Boston University : 02 June, 2005  (Technical Article)
Robotically assisted surgery allows the surgeon to perform a complicated surgery using minimally invasive techniques that are less traumatic for the patient; it also lowers the complication rate, according to Richard Babayan, MD, chief of Urology at BMC and professor of urology at Boston University School of Medicine.
The surgeon is able to see the patient three dimensionally through a two-camera system, according to Babayan. The robot is controlled by sensors, which are attached to the surgeonís fingers. The surgeon then manipulates the hand movements of the robot to perform the desired function, eliminating tremor and enabling ambidexterity. The robotís range of motion is more extensive than the human hand and wrist.

Patients in need of complex surgery used to have to travel to a hospital in Connecticut for this leading-edge robotic technology; patient cases have since increased at BMC.

The da Vinci tm robot is used by surgeons in the Urology and Cardiothoracic Surgery Departments, making BMC among the elite hospitals in Boston to mount a widespread use of robotic technology by two departments.

BMCís Cardiothoracic Surgery Department has already performed seven operations utilizing robotic-assisted surgery for procedures such as coronary bypass, repairing mitral valves and repairing holes in the upper chambers of the heart. The Urology Department has performed 11 operations, using the technology for prostate removal of localized prostate cancer and reconstruction of the kidney for obstruction.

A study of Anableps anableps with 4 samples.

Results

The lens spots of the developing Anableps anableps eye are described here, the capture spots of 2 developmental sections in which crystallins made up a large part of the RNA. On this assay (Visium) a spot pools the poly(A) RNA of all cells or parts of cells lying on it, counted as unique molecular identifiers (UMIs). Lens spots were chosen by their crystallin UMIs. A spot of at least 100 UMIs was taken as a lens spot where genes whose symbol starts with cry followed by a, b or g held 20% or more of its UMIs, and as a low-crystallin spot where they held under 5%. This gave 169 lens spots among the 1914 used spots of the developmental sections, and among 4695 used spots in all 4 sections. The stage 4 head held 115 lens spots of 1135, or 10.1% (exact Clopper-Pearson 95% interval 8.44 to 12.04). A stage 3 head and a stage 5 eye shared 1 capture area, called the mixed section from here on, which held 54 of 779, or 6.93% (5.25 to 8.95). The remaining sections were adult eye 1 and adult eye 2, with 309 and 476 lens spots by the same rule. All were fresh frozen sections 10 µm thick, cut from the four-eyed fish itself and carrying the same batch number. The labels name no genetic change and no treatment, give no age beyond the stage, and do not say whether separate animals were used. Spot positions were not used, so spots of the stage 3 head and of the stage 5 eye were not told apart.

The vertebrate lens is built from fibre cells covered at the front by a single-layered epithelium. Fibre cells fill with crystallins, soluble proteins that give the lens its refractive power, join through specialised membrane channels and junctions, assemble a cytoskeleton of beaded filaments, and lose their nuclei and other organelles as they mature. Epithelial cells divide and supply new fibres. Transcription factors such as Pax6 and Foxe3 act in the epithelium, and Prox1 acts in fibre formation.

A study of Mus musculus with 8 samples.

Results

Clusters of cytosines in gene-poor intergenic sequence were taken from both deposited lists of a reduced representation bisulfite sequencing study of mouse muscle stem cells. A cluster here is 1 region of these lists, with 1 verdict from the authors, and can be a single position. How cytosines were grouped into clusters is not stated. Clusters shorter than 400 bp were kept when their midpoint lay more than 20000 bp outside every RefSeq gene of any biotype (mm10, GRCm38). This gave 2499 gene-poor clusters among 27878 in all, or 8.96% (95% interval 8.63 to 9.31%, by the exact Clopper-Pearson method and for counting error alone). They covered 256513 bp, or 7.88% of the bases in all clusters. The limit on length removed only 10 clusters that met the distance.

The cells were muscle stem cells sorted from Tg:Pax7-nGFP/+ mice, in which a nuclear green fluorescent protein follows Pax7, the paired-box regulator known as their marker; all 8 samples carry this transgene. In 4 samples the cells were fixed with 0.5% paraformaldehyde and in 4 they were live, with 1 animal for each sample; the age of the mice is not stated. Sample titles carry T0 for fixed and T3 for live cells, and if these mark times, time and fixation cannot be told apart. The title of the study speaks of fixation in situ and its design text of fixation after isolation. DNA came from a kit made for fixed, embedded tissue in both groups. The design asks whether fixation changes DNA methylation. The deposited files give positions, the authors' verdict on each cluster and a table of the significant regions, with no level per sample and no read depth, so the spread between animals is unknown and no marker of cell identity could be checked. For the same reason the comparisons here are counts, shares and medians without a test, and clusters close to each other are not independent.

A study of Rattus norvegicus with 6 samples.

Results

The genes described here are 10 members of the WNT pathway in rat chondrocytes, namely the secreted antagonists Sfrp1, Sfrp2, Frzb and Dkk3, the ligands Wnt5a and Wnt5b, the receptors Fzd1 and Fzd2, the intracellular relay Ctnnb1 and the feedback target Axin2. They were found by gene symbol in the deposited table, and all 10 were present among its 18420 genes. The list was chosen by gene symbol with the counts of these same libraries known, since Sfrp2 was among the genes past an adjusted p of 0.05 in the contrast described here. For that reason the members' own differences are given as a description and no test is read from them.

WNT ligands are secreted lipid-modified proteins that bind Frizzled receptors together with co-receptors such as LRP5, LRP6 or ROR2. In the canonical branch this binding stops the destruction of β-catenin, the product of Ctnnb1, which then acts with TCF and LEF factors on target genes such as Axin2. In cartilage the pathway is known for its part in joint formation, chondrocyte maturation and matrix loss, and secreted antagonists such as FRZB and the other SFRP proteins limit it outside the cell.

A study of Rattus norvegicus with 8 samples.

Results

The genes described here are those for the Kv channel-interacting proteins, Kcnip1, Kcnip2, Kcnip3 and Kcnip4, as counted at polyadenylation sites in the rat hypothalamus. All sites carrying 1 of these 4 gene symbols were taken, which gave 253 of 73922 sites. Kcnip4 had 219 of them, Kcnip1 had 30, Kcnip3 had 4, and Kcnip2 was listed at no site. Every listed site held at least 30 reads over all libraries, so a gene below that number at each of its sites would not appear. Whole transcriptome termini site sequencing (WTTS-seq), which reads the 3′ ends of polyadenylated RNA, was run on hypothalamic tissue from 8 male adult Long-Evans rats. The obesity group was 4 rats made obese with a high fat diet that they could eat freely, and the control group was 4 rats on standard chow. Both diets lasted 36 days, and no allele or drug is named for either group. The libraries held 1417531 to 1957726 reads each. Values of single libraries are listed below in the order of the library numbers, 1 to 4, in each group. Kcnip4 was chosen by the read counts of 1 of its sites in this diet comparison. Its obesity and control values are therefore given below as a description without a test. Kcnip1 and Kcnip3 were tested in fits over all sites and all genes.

ďWhat would have been a six-week recovery time for one of our patients has been reduced to two to three weeks because we can now perform certain operations without opening up the whole chest cavity. With the da Vinci robot we are now able to make the next quantum leap forward in this surgical area,' said Richard Shemin, M.D., chairman of Cardiothoracic Surgery at BMC and professor of cardiothoracic surgery at BUSM. The robot was originally developed by NASA and the U.S. Military for operations performed at long distances. Through the robotís assistance, a surgeon is able to operate by making a small, rather than a large, incision. Small incisions and reduced spreading of the incision leads to less blood loss and reduced pain for the patient, according to Shemin, who has performed over 7,000 open-heart operations.